Chinese has a huge range of versions, dialects and accents, but most have a good or native understanding of mandarin. 

Mandarin is primarily a northern Chinese language and has no links with English, which makes it very difficult for Chinese speakers to learn and pronounce English.

Alphabet

Chinese use symbols instead of letter, so the concept of an alphabet may not already be known to Chinese learners.  The concept of using letters to build sentences makes spelling and writing a real challenge.

Phonology

Almost everything connected to phonology is different for a native Chinese speaker.  Many English phonemes do not exist, making the pronunciation difficult, as the mouth is not used to moving in such specific way.

Stress and intonation patterns are very different as Chinese is based on tone and pitch within its phonemes to change the sound and therefore changing the meaning of the phoneme or word.  English only used pitch to highlight emotion and mood.  The change in pitch of vowel changes cannot change the meaning of the word.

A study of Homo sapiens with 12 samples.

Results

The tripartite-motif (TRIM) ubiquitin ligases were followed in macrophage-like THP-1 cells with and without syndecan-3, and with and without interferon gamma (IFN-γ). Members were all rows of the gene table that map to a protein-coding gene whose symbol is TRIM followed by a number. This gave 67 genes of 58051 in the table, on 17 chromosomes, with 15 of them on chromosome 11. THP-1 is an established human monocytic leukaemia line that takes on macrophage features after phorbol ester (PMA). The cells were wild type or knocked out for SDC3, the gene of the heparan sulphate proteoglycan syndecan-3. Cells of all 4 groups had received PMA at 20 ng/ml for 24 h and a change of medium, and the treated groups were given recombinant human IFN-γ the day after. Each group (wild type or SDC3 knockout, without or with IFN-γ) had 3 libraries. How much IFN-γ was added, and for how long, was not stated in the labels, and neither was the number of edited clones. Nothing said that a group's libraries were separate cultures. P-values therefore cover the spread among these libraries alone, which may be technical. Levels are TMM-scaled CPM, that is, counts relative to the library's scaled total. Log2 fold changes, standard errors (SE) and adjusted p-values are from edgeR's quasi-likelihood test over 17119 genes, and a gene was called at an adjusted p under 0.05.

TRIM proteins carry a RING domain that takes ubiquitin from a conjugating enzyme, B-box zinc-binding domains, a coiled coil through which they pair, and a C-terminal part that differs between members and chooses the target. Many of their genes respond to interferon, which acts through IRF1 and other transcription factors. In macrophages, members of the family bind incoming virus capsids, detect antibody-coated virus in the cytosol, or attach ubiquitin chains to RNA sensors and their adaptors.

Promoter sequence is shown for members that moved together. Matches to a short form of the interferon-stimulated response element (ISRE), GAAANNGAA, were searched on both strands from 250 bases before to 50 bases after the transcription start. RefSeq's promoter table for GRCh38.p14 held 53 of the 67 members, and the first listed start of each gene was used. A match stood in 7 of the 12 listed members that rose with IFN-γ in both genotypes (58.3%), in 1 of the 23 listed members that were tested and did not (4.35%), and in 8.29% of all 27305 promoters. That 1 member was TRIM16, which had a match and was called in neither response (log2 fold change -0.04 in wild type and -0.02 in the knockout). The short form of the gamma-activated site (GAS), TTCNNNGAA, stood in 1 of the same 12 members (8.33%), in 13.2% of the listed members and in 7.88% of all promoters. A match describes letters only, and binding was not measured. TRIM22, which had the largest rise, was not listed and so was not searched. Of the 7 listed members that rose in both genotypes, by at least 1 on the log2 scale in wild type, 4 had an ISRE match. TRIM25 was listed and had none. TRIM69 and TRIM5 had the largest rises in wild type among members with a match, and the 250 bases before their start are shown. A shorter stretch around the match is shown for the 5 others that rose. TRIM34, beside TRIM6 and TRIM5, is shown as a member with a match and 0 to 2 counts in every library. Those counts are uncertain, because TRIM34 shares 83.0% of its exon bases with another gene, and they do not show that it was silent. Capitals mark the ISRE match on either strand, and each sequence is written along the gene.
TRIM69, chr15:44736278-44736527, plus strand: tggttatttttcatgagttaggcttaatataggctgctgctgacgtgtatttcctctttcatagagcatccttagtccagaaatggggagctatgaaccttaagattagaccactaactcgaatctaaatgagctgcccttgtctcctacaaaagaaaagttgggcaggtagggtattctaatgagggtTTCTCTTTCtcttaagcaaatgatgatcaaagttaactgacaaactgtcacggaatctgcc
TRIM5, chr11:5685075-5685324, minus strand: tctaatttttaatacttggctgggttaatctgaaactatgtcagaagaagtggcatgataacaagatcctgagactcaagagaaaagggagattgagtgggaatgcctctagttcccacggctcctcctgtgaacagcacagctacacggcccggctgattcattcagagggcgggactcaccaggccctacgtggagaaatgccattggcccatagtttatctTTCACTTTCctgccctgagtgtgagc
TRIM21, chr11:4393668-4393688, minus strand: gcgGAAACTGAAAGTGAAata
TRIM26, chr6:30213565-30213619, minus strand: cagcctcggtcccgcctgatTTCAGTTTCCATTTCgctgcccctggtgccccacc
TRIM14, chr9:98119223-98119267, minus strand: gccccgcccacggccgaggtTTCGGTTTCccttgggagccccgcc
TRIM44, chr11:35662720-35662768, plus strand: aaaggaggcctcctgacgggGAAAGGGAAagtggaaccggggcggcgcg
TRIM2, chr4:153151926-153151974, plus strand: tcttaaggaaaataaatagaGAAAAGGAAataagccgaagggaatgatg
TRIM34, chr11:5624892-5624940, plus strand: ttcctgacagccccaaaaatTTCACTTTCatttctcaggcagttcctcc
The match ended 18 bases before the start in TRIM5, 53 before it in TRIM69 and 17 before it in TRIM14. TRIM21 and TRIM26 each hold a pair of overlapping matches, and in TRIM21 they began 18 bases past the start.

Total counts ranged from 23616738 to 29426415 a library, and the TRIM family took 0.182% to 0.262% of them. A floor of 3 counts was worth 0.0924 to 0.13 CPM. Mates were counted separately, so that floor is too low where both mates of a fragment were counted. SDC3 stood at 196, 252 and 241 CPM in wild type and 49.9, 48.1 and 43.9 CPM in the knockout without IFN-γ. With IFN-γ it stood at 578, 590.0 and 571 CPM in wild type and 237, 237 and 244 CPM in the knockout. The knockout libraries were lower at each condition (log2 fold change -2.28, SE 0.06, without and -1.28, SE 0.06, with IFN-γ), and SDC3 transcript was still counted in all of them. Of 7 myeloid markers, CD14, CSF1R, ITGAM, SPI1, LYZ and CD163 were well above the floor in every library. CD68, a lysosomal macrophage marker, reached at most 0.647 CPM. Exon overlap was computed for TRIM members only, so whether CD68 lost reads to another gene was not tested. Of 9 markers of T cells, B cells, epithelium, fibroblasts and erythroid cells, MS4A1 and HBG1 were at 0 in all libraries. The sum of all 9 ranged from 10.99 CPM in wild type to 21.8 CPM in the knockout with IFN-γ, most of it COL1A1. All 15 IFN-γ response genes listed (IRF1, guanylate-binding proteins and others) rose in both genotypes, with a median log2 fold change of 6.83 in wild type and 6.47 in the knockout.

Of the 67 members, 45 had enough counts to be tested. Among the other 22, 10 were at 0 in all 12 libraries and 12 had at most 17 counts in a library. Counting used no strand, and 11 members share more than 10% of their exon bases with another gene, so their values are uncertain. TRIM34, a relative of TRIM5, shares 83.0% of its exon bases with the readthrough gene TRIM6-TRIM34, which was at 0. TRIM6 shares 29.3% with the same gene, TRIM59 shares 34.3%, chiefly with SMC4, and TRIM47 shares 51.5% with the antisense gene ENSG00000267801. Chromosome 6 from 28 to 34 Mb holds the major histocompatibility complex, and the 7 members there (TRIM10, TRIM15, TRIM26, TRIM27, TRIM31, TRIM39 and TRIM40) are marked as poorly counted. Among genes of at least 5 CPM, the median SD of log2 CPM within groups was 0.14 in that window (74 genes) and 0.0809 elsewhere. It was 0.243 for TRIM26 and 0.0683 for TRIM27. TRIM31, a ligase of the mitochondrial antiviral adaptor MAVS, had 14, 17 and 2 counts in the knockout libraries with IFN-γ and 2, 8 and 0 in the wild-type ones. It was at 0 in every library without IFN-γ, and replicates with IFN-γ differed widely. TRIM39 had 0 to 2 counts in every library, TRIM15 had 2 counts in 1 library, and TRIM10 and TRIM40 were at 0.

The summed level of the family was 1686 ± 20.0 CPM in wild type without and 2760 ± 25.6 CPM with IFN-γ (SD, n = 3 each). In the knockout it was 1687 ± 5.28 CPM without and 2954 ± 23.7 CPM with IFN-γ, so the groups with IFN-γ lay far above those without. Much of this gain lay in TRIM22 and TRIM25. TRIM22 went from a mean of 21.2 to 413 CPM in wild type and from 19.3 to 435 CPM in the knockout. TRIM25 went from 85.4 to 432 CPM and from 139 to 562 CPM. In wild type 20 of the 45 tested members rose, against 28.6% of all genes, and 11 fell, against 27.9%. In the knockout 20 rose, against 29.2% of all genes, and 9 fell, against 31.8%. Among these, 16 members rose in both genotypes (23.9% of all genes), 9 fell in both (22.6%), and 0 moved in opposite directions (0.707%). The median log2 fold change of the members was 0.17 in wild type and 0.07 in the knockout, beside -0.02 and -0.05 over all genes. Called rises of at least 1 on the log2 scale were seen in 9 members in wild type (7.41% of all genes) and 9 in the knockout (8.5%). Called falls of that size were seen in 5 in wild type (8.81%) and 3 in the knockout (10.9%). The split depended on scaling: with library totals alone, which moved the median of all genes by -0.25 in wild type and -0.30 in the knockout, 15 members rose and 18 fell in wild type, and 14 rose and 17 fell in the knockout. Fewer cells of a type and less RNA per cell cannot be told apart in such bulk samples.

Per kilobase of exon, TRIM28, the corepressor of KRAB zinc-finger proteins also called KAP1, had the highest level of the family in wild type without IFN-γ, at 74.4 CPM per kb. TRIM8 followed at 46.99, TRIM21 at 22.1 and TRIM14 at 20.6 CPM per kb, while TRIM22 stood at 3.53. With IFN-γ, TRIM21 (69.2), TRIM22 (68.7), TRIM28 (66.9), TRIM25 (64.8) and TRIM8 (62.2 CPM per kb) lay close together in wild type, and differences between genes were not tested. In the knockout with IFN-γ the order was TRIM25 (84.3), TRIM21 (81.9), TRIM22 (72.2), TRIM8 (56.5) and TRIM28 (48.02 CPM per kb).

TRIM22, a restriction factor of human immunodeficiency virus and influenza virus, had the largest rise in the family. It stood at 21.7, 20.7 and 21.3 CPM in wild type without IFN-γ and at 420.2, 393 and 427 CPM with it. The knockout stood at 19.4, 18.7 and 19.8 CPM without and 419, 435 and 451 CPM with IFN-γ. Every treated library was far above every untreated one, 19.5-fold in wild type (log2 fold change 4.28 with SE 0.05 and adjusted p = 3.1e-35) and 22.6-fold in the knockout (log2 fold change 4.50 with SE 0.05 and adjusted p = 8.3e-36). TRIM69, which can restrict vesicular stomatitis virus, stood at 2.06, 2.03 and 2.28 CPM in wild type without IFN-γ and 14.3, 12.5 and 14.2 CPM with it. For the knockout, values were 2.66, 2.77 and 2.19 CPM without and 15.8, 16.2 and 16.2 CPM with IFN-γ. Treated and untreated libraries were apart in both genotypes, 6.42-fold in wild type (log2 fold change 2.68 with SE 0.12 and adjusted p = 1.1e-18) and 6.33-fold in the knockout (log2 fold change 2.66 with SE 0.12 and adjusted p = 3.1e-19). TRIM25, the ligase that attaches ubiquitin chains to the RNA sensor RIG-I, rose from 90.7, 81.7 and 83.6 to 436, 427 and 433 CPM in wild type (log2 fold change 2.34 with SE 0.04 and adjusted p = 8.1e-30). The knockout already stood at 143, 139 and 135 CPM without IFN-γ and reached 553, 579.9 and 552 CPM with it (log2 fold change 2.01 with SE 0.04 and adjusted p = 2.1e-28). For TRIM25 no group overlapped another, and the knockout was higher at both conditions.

Difficult sounds

Like many other non-native speakers, there are more vowel sounds than in Chinese which makes words with similar sounding vowels difficult for a Chinese speaker to identify and speak.

Pay attention to the differences in pronunciation between 'l' and 'r' and also between 'l' and 'n;, for those from south china.  Identifying the difference in sounds is very difficult therefore spend more time on the meaning.

Learners often speak with a long drawn out vowel when the word ends with a consonant sound, such as 'pill', or they can add an extra vowel sound on the end.  For example 'pilliiii' or 'pilla'.

Most Chinese speakers using English often have a very heavy accent which often means that even with perfect grammar, native English speakers can have difficulty understanding them.  This can be overcome by using simple vocabulary with few syllables and consonants.